I recently received a prospecting email from a LinkedIn connection. We are mutually connected by acquaintances from my days on Wall Street as an equities trader.
He started off by saving, “Hi Dave,” so I hoped the rest of the email would be personalized too. It wasn’t. His greeting was followed by a form letter that he probably thought was targeted to his niche, but was so generic it obviously had gone out to everyone on his contact list.
In his message, he wrote that he’d left his Wall Street institutional sales trading job (a business killed by algorithms and decimalization) to form a broker team to best meet the needs of his clients.
That’s two lies in one sentence. I knew he’d been laid off from his previous Wall Street job, and no first-year financial advisor trainee at Merrill Lynch is allowed to form his own team. A quick Google search revealed that he’d in fact been brought onto a 25-year-old Merrill Lynch team staffed with veteran brokers. His first claim could have been excused as a euphemism, but his email made it sound like he’d chosen to leave so he could lead a team — misleading and deceptive.
Now, I had a similar career path to this salesman. I was laid off from Deutsche Bank two months prior to my triplets being born. The most logical thing for me to do was utilize my securities licenses and go back to being a retail broker — my first Wall Street job was as a broker trainee at Merrill Lynch. Layoffs and career changes happen. There was no reason for this salesperson to lie — he just wanted to make himself seem more impressive.
I wish salesmen would be truthful. And believe me, financial advisors, especially brand-new ones, are nothing but salesmen. Their job is to bring clients and assets into their firm. This particular fellow claimed he was a portfolio manager. Maybe that’s his title, but What a load of BS. You don’t go from being a stock trading sales jockey to being a portfolio manager one year later, unless you’re Peter Lynch. This salesperson was no Peter Lynch.
His prospecting email was so full of lies I actually yelled at my phone (I was in my car, thankfully with the windows up). I knew the score and could see right through his act, because I had been a broker who was taught the same deceptive sales tactics. But some retiree with no knowledge of the business wouldn’t have seen through his lies, and could easily have handed over his or her nest egg over to a rookie broker who was just telling a story to gather assets and has no real portfolio management experience. I didn’t realize Mother Merrill still trained its rookie brokers to send spray-and-pray prospecting emails, and it made me angry. That’s old school.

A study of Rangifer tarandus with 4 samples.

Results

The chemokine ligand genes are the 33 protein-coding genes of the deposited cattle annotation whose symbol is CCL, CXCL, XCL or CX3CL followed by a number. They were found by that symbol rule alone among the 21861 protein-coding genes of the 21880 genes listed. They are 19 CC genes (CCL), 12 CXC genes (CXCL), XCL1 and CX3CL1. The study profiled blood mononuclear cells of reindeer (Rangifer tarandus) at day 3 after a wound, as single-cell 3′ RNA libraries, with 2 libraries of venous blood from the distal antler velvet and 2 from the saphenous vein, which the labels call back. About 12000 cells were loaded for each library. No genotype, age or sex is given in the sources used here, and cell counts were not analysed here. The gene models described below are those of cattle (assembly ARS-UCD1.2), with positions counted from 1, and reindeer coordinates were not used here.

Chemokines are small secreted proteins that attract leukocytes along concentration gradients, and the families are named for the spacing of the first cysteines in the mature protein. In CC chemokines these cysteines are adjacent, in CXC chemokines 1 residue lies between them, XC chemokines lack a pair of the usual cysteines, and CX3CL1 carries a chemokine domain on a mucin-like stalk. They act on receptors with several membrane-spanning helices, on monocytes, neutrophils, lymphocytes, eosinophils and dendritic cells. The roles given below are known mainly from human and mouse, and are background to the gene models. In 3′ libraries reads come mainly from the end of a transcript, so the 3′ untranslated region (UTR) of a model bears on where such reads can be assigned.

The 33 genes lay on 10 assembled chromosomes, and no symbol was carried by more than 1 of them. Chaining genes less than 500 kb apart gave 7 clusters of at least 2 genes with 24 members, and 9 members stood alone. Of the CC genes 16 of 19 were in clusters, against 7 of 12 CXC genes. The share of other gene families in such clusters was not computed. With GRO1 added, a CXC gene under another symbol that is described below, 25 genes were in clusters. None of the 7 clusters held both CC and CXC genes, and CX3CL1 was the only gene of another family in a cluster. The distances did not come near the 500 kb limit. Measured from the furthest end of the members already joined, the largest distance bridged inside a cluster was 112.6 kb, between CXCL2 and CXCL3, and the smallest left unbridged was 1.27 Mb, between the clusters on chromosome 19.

In modern sales, you build a targeted list of people, find out what they do, explore your common connections, and send them a strategic, personalized message.
This salesperson wanted me to come into his office to do an in-person portfolio review. My LinkedIn profile clearly shows that I live in Charlotte, North Carolina. He sits in an office up in New Jersey. His oversight tells me he knows nothing about me, and didn’t bother taking the time to find out basic information about me. What did he think — I was going to hop on a plane so he could review my portfolio and astound me with his less than two years of money management acumen?
Salespeople can do better than this. This is the kind of behavior that was encouraged when I first started in sales back in 1993 — back then, we were literally copying pages from the phone book and dialing down the list of names. I don’t have to tell you that doesn’t work anymore.
The old school hit-or-miss tactics have got to go. Target your prospecting, Get basic information about your prospects, personalize your emails, find commonalities between us and you will have a better chance of warming me up.
But lies send you straight to the trash. Be professional, be authentic, and show people that you care enough to know something about them. It’s a waste of time to go prospect fishing with untargeted mass emails. Get your tail out of the office and eat lunch with someone new in your community each day, network properly, and learn something about your prospects — do whatever you want, just be genuine and show your prospects you really care. We’re talking about their hopes, dreams, and money. The least we can do is be honest with them.
I wish this salesperson well, and I know every broker started out as a rookie, but don’t use that as an excuse. Be honest with yourself and prospects. Salespeople have got to realize there is a better way of selling, and that the old way is a time-wasting game of prospecting roulette.
Get focused, stay focused and send targeted, strategic emails to your niche. And tell the truth if you ever want to be considered a trusted salesperson.